Man fatally mauled by grizzly bear in Wrangell-St. Elias was 22-year-old Ohio moose hunter

A grizzly bear walks on a river bank
A grizzly bear roams through Nugget Creek in the Wrangell-St. Elias National Park. (Photo courtesy National Park Service)

The National Park Service has released additional information about a fatal grizzly bear attack in Wrangell-St. Elias National Park & Preserve Sunday. NPS identified the victim as 22-year-old Austin Pfeiffer of Ohio.

An NPS release says Pfeiffer and his hunting partner were on an unguided moose hunt in the remote Cottonwood Creek drainage within the preserve, where permitted sport hunting is allowed. The attack site is about 50 air miles from the Eastern Interior village of Northway. Park spokesperson Janice Maslan says the hunters had killed a moose Saturday, and were butchering and packing the meat out to camp Sunday, when they split up.

“The partner returned to camp with a load while Pfeiffer prepared the next load, and when Pfeiffer’s partner returned to within about 50 yards of the harvest site, he was charged by a bear. And in self-defense, he did shoot in the direction of the bear several times with his sidearm, and when the bear came within about 20 feet of him, it did flinch as if shot and it then veered and ran off,” said Maslan.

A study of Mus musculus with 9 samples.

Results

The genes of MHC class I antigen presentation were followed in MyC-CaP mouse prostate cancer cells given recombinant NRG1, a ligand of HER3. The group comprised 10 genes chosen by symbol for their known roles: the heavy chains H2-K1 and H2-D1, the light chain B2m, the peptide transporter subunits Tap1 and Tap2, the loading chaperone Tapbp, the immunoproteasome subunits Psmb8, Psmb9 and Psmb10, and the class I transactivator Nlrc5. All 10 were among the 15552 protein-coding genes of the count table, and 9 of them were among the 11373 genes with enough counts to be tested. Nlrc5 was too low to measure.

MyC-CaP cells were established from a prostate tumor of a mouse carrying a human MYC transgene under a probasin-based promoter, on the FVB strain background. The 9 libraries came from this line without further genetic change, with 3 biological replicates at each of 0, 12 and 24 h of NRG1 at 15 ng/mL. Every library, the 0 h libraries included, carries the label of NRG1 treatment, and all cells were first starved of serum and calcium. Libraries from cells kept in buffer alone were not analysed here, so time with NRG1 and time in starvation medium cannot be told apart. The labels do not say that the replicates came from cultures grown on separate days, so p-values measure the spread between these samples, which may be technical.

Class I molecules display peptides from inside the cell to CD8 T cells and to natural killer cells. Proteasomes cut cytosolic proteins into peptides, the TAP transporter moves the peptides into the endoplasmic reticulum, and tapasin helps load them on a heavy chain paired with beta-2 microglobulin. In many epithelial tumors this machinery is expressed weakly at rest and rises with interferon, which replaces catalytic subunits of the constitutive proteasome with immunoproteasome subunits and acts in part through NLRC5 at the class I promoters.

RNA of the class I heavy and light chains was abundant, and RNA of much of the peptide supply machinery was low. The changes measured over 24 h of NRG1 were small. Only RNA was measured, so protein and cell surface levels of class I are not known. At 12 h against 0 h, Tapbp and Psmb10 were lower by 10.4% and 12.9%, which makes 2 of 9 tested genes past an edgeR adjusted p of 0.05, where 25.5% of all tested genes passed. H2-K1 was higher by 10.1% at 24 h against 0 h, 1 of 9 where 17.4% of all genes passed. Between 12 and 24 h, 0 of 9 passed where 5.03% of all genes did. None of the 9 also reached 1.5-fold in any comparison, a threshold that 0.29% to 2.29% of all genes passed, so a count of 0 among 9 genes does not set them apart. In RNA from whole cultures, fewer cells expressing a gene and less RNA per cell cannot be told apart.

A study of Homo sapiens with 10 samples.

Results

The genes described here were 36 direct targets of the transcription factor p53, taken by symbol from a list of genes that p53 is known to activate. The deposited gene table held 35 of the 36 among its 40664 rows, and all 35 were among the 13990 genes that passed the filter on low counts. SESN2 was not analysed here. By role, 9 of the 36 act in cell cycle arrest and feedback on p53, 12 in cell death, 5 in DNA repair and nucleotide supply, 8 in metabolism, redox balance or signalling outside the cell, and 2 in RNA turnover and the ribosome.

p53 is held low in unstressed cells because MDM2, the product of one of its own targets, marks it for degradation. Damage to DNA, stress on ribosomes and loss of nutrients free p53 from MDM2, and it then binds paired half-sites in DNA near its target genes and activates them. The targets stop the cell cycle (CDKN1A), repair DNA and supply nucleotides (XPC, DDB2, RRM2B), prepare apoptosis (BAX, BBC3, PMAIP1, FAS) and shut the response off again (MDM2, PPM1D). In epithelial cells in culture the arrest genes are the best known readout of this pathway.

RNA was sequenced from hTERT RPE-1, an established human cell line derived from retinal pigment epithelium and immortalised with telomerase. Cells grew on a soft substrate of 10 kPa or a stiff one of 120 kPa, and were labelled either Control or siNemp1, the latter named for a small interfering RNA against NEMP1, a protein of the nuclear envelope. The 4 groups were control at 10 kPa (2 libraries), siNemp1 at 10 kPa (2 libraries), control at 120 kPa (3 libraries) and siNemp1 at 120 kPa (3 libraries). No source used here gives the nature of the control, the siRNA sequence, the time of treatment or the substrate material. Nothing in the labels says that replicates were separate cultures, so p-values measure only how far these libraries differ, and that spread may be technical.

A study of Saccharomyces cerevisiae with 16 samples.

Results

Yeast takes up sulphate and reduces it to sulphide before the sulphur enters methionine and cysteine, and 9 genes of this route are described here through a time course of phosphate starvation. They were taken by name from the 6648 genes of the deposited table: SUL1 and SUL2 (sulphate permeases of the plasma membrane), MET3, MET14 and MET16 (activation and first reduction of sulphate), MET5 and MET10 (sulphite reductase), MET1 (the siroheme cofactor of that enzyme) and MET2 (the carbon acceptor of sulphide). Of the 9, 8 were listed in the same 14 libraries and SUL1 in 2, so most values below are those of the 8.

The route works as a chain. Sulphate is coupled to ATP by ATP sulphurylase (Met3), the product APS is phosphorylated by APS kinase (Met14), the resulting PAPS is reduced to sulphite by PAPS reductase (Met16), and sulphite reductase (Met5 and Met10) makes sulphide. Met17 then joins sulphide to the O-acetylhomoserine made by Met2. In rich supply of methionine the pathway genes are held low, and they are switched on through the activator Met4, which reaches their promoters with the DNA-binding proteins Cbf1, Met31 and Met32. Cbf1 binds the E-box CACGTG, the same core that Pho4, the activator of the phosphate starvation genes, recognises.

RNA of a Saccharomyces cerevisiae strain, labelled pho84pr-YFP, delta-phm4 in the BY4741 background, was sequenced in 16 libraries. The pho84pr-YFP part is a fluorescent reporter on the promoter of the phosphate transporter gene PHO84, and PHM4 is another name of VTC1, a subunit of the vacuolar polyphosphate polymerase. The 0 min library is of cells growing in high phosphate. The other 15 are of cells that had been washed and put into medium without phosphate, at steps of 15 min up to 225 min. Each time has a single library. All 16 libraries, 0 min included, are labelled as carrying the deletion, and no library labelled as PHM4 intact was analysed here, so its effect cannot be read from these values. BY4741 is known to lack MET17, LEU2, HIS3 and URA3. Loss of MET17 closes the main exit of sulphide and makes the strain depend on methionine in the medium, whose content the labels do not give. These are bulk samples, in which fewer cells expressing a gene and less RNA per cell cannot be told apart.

Maslan says the partner went to the moose kill site and found Pfeiffer dead from what appeared to have been a surprise attack.

“There was no evidence that he was carrying a firearm or deterrence with him at the time, so he was unable to defend himself,” she said.

Maslan says it is the first known fatal bear attack in the park and preserve since it was created in 1980.  She says the partner called the air service that had flown the men in for the hunt and reported what happened.

The partner was flown out, and the NPS and State Wildlife Troopers traveled to the site Monday and recovered Pfeiffer’s body, which was taken to the State Medical Examiner in Anchorage for autopsy.  NPS says there was no evidence that the bear was still in the area, and that no visitors are known to be in the vicinity.

Dan Bross is a reporter at KUAC in Fairbanks.

Previous articleLISTEN: The fallout from Pebble recordings continues
Next articleLISTEN: Where can you get COVID-19 info you can trust? A local infectious disease specialist weighs in.